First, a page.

Terrance Marsh, an electroencephalographic technologist at the University of California (UC), never shared AFSCME 3299’s political ideology but agreed to join anyway in January 2018 because a union official told him membership was mandatory.
At the time, full membership was not a prerequisite for employment and public employees could instead pay the union a so-called “agency fee” that only covered its collective bargaining costs. However, the U.S. Supreme Court last June affirmed in Janus v. AFSCME that public employees like Marsh have a First Amendment right to be free from compelled speech in the form of union dues or fees.
Upon learning of his constitutional rights, Marsh tried to leave the union and stop all deductions, but AFSCME 3299 — in clear violation of the Supreme Court’s ruling — threw an endless series of obstacles in his path to make the process as difficult as possible.
On Tuesday, Marsh and six co-plaintiffs — all UC employees — filed suit in California’s Eastern District Court demanding the union be forced to follow the law.
In addition to the union, the suit names the UC Board of Regents and California Attorney General Xavier Becerra as defendants.
“It’s not as though AFSCME 3299 can claim it never heard about the Janus ruling,” said Mariah Gondeiro, litigation counsel for the Freedom Foundation, a policy organization with offices in four states that’s providing the plaintiffs with legal representation.
“AFSCME was a party to Janus,” she noted. “If anyone should understand what the law requires, it’s them.”
According to the lawsuit, “The union keeps employees locked into membership and forces them to pay dues or fees through use of a cumbersome multi-step revocation process.”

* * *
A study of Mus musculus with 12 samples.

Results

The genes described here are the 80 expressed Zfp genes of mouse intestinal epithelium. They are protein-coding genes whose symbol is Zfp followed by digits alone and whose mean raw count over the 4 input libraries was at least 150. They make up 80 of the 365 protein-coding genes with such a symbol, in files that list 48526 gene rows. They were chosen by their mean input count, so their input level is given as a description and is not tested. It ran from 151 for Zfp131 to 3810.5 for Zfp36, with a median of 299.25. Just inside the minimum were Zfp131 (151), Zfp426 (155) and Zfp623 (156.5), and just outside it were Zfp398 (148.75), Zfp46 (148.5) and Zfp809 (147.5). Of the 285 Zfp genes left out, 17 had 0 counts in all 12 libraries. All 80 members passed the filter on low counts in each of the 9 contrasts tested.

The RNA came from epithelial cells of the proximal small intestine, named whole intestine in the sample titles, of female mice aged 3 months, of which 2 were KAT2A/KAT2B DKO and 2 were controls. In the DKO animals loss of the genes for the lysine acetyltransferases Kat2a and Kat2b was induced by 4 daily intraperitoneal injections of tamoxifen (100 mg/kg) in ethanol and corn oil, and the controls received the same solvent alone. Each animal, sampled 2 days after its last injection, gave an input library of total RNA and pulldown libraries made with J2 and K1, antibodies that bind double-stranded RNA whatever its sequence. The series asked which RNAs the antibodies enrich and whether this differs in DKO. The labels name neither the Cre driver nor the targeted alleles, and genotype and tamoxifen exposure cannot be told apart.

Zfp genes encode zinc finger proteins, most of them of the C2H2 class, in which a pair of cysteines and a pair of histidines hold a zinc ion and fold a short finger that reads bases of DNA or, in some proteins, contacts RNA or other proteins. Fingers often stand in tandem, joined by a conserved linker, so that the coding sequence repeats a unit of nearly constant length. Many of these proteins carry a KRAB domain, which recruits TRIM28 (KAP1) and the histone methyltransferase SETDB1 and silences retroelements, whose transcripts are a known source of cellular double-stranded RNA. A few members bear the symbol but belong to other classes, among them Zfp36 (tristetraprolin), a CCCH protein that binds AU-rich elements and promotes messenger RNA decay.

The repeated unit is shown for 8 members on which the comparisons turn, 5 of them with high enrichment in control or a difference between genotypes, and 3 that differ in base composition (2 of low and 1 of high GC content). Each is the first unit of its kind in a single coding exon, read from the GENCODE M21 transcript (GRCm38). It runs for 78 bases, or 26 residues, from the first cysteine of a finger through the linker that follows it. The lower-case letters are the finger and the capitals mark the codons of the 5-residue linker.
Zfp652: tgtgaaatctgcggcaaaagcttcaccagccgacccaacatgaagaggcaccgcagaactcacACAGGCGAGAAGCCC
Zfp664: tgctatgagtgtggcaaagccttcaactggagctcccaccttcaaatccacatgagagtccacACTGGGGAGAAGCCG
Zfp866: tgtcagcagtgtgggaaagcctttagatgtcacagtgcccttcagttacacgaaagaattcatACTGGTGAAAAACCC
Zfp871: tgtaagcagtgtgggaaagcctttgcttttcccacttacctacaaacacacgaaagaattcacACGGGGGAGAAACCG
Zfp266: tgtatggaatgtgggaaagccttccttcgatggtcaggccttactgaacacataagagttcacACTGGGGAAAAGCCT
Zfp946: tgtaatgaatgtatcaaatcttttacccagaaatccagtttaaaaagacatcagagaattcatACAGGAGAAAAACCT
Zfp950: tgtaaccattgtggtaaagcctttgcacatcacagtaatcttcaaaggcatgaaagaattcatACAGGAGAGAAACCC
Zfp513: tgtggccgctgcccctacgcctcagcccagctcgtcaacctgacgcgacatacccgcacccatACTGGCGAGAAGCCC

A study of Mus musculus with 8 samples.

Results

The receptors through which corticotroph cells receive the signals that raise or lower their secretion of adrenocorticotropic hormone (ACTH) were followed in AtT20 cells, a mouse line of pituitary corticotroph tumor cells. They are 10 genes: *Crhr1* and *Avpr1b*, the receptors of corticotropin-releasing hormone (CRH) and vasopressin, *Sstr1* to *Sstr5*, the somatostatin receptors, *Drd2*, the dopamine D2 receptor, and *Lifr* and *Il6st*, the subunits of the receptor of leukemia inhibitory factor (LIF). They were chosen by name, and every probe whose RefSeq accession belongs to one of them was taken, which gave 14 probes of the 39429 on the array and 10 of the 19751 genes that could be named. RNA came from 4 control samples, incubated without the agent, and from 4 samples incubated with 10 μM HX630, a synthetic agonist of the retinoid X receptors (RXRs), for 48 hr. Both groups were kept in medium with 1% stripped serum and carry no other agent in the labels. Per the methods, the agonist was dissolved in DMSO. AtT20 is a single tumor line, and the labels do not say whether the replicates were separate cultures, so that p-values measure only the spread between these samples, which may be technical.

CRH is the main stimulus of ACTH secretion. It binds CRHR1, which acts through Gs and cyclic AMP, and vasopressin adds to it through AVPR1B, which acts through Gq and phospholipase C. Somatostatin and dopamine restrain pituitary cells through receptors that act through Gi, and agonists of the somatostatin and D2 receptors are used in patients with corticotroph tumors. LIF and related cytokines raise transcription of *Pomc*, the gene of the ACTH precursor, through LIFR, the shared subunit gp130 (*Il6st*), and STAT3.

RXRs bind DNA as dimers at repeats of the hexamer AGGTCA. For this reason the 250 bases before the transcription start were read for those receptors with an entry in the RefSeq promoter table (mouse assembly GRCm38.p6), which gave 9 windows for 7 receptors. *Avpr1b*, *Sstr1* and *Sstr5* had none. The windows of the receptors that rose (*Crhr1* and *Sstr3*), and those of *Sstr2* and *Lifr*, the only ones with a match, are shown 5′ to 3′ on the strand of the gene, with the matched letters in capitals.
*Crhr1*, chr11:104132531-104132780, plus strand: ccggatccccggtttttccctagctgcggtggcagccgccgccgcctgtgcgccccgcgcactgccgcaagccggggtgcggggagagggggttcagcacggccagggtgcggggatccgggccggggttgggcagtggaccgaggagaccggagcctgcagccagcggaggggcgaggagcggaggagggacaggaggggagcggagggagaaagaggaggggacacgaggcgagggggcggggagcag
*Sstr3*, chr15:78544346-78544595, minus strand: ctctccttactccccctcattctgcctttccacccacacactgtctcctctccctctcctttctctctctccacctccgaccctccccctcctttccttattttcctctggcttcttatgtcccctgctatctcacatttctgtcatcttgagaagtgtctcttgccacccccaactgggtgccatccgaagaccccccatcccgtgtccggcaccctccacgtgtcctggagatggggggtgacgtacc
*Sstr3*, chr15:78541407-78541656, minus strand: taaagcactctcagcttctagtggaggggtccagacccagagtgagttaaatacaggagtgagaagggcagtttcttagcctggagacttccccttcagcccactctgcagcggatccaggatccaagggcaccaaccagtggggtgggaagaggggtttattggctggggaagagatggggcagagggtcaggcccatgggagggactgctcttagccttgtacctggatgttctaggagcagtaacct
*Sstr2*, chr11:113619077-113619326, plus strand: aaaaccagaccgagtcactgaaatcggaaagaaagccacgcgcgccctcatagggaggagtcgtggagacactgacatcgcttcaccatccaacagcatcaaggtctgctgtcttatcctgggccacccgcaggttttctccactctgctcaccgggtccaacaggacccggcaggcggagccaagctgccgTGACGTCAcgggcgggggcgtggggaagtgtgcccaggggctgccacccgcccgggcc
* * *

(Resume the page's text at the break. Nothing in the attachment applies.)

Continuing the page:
First, union members who wish to withdraw union membership are required to submit a written revocation during a 30-day period prior to an unspecified date in their respective collective bargaining agreement.
This process is not made apparent to the union members because they are not given a copy of their membership form which includes the directions. They’re forced to reach out to union representatives for help. The practically useless union reps either evade their requests, provide conflicting information or simply refer them to membership forms referencing a confusing website with several CBAs.
Even UC employees who successfully navigate out of the union are then still required to undergo a second revocation process to terminate the union’s “service” fee deductions.
The “service” fees renew each year on the anniversary date of the employee’s union membership unless the employee mails a signed revocation letter to the union between 75 days and 45 days before such annual renewal date. Predictably, it is the worker’s responsibility to find out exactly when his or her window period starts and ends.
“The union’s policy of deliberate obfuscation,” Gondeiro explained, “has prevented the plaintiffs from exercising their First Amendment right to be free from compelled speech in the form of automatic payments to the union.”
In addition to a refund of dues illegally collected from the workers’ paycheck and general damages, the suit seeks declaratory judgments stating that the defendants’ deduction scheme violated their constitutional rights.
The Freedom Foundation founded and based in Olympia, Wash., has branch offices in Oregon and California, and expanded last month into Ohio.